Alex Took Her Time, But Has Arrived on LPGA Tour
When I was a student on the east coast, a friend and I used to joke that there is no such place as Paterson, New Jersey, because when you go there, everything says Wayne instead. In golf terms, Wayne is the real town this week, the home of Marina Alex, who just won her first LPGA tournament in Portland Oregon, the Cambia Portland Classic.
The victory comes after 123 starts over the past few years, but this is not a story of a so-so golfer suddenly having a brilliant week, and making good. Marina Alex, unlike many other players, was not born with a sand wedge in her hands. She spent her childhood doing other things than showing up at the course at the crack of dawn every day to practice her chipping. She began to develop her game at Vanderbilt during her college years, gradually refining it to become a pretty good player. It was good enough to get into the LPGA. However, where the wunderkinds try to explode on to the scene after winning all their regional amateur events, Alex did the same thing she had done in college. She gradually developed her game to the next level, seemingly getting a little better every month, and absolutely getting a little better every year. It was really just a matter of time, whether we saw her coming or not. In Portland, she decided that enough is enough, toying with the course record in one round, and putting together a string of birdies between 5 and 9 on the final day. Many of us were watching British Open winner Georgia Hall, thinking that was where the action was, but Alex was undeniable with her final 65, and the lowest four-round total of her life. In a record-setting rally, she came back from six strokes down. As it turns out, the late 20s isn’t such a bad time for a career breakthrough.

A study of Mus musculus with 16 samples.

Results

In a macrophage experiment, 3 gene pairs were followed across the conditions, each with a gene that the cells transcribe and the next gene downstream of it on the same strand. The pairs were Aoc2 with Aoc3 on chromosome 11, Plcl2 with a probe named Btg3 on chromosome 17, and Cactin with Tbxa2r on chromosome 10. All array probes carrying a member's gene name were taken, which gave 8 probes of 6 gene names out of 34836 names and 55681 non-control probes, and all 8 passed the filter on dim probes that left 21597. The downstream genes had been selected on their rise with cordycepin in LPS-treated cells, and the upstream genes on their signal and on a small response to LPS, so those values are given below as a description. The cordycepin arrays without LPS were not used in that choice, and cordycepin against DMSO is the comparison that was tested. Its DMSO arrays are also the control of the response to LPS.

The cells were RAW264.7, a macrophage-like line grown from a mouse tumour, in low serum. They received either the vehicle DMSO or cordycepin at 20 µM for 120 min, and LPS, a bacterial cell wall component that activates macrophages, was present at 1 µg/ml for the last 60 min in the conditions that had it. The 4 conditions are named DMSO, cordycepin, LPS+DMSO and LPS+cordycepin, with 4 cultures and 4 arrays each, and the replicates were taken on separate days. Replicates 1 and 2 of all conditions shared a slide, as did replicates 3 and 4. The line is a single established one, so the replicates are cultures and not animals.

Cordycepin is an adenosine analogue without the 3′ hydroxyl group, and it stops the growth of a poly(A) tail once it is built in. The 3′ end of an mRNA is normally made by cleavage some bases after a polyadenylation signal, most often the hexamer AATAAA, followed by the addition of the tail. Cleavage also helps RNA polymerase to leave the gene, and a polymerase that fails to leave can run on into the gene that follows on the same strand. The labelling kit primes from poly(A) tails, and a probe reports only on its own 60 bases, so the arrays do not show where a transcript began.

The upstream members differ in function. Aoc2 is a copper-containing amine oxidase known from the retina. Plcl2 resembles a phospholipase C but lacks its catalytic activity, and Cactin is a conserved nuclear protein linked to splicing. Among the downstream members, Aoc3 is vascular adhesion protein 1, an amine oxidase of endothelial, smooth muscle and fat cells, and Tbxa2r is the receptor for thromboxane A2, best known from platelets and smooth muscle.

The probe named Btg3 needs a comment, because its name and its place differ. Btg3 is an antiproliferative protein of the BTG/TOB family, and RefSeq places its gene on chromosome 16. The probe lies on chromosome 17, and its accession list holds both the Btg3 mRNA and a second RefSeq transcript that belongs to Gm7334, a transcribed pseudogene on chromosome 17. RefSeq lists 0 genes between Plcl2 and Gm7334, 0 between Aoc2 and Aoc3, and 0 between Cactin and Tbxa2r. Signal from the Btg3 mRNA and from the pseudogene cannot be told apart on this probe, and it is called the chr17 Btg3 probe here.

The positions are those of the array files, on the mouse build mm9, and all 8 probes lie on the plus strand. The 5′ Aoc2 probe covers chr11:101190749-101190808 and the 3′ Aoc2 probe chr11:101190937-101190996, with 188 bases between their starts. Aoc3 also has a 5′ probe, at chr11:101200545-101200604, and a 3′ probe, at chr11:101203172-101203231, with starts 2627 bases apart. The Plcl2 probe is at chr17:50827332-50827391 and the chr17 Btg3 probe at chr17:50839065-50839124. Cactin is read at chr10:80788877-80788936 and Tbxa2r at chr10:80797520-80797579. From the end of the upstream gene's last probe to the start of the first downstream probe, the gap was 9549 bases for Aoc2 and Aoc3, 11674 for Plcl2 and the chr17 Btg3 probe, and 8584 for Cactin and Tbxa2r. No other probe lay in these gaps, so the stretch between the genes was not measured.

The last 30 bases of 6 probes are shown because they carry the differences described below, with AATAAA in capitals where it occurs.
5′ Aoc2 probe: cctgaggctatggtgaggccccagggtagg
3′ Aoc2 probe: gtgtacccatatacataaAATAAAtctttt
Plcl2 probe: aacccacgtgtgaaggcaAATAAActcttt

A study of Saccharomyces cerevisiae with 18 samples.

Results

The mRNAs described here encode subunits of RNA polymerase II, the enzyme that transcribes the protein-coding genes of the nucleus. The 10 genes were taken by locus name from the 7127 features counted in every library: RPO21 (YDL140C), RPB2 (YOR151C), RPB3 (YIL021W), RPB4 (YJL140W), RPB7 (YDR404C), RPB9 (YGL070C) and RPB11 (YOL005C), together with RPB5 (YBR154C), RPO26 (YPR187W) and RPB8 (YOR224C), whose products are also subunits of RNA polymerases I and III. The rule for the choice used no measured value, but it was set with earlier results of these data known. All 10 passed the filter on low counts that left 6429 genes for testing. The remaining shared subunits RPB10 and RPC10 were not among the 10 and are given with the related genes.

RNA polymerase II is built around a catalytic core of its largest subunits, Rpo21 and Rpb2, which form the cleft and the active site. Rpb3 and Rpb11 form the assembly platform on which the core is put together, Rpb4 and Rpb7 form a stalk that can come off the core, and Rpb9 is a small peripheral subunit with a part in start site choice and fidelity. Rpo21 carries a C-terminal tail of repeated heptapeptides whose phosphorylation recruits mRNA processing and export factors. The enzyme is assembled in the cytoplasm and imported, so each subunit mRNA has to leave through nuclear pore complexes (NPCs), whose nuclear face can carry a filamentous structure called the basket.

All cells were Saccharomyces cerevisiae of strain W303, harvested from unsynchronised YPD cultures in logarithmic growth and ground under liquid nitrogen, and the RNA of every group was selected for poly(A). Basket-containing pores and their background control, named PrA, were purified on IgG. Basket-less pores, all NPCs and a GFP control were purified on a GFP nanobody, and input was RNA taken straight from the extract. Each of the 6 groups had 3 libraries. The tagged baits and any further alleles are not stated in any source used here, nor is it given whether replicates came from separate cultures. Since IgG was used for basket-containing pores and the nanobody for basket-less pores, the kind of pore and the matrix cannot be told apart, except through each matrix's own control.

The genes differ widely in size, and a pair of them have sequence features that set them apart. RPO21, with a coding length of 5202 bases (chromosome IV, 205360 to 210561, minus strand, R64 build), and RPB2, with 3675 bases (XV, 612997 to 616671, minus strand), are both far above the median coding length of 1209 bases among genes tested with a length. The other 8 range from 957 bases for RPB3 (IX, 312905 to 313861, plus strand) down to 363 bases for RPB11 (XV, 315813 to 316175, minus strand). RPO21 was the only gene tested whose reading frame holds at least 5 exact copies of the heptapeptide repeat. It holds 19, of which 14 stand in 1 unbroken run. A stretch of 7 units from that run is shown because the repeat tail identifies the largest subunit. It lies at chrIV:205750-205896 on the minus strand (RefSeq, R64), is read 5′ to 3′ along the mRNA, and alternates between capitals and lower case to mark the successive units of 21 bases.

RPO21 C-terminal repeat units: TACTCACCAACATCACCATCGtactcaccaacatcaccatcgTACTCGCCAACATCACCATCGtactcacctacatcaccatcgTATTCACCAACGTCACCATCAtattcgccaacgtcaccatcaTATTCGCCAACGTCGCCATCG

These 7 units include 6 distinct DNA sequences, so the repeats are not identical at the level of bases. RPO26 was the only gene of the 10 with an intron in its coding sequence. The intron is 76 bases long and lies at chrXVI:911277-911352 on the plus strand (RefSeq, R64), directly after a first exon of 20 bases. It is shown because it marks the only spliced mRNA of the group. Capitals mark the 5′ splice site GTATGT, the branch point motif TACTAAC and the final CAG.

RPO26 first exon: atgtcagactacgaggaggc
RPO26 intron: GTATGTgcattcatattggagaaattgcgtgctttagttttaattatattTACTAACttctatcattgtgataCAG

I enjoyed the fact that Alex found her stato di grazia in Portland, Oregon, my home town. In a brief romance with sailing, I often passed the Columbia Edgewater Course back and forth all day. I have attended the tournament, and met many of my favorite players there. It is the place where I came to admire many of them as people, not just brilliant golfers. Alex’s view of the course was right on. It’s fairly straightforward with decent fairway width, but heavily tree-lined – sometimes big ones, Pacific Northwest style. If one gets their angles lined up properly, and keep the driver under narrow control, the birdie opportunities are endless. If not, better luck next year. Alex did just that, then sat back to watch the putts drop.
Many first-time winners have emerged in Portland from back in the years when the tournament was called the Safeway Open. Let’s hope that Marina Alex returns to Wayne from her first victory to the adulation the achievement deserves, and that her winning ways continue after all those years of work.